Some Minority Students May Fare Better Than Whites When Working Part Time, New Research Finds
Published: January 24, 2013.
Released by American Psychological Association
WASHINGTON - African-American and Hispanic students may be less likely than non-Hispanic white students to hold a job during the school year, but when they do, they tend to work somewhat longer hours and seem less likely to see their grades suffer than non-Hispanic white students with jobs, according to new research published by the American Psychological Association.
Sports are enormously popular, and one striking pattern is that boys and men are typically much more involved than are girls and women. This sex difference has policy implications, and it raises fundamental questions about the nature of sex differences. Although scholars from many disciplines have explored sex differences in sport involvement, few have addressed the issue from a broad, evolutionary perspective. A recent review article by Deaner, Balish, and Lombardo (2016), published in Evolutionary Behavioral Sciences, synthesizes the relevant theoretical and empirical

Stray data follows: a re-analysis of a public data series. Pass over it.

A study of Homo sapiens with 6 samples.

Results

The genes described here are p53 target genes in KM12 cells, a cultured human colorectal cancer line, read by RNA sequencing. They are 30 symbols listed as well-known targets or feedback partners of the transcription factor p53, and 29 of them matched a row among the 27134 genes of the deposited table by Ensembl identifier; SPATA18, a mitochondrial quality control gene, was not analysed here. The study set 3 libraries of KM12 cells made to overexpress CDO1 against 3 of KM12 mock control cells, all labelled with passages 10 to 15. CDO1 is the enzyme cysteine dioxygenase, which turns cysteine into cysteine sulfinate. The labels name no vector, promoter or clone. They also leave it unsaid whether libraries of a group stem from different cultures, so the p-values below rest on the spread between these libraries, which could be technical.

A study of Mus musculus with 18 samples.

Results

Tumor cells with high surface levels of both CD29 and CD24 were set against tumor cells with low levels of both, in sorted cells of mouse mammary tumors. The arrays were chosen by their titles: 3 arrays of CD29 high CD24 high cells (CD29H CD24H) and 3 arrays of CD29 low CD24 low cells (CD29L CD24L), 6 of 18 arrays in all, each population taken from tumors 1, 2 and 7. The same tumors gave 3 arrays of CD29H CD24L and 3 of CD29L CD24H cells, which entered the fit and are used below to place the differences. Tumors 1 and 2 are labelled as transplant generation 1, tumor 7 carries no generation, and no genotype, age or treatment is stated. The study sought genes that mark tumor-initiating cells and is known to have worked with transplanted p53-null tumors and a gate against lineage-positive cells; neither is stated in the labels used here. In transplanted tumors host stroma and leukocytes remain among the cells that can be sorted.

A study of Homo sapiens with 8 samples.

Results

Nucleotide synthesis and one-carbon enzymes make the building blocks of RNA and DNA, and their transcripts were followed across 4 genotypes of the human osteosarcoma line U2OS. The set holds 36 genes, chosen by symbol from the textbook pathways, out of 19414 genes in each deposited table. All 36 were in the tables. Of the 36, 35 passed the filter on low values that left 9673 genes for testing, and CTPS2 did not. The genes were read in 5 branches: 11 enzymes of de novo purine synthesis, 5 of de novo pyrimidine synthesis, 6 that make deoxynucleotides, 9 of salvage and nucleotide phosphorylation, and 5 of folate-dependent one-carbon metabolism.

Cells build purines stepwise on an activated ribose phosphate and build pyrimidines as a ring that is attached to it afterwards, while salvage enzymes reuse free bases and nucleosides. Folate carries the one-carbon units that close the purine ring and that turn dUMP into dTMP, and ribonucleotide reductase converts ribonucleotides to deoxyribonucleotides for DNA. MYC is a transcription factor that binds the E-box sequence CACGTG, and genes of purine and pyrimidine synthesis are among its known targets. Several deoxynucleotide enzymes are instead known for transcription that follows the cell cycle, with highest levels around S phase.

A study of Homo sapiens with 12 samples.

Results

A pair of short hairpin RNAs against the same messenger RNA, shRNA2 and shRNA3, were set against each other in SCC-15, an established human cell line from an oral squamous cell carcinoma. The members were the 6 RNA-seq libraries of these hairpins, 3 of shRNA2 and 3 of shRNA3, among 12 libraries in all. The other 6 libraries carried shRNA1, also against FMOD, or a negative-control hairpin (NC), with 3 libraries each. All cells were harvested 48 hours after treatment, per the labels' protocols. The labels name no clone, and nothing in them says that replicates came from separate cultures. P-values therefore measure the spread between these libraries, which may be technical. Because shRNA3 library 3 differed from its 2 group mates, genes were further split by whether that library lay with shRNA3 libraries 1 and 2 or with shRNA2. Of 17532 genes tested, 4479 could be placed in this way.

Skepticism About Climate Change May Be Linked to Concerns About Economy
WASHINGTON -- Americans may be more likely to accept the scientific evidence of human-caused climate change and its potentially devastating effects if they believe the economy is strong and stable, according to new research published by the American Psychological Association.
What's the Relational Toll of Living in a Sexist And Heterosexist Context?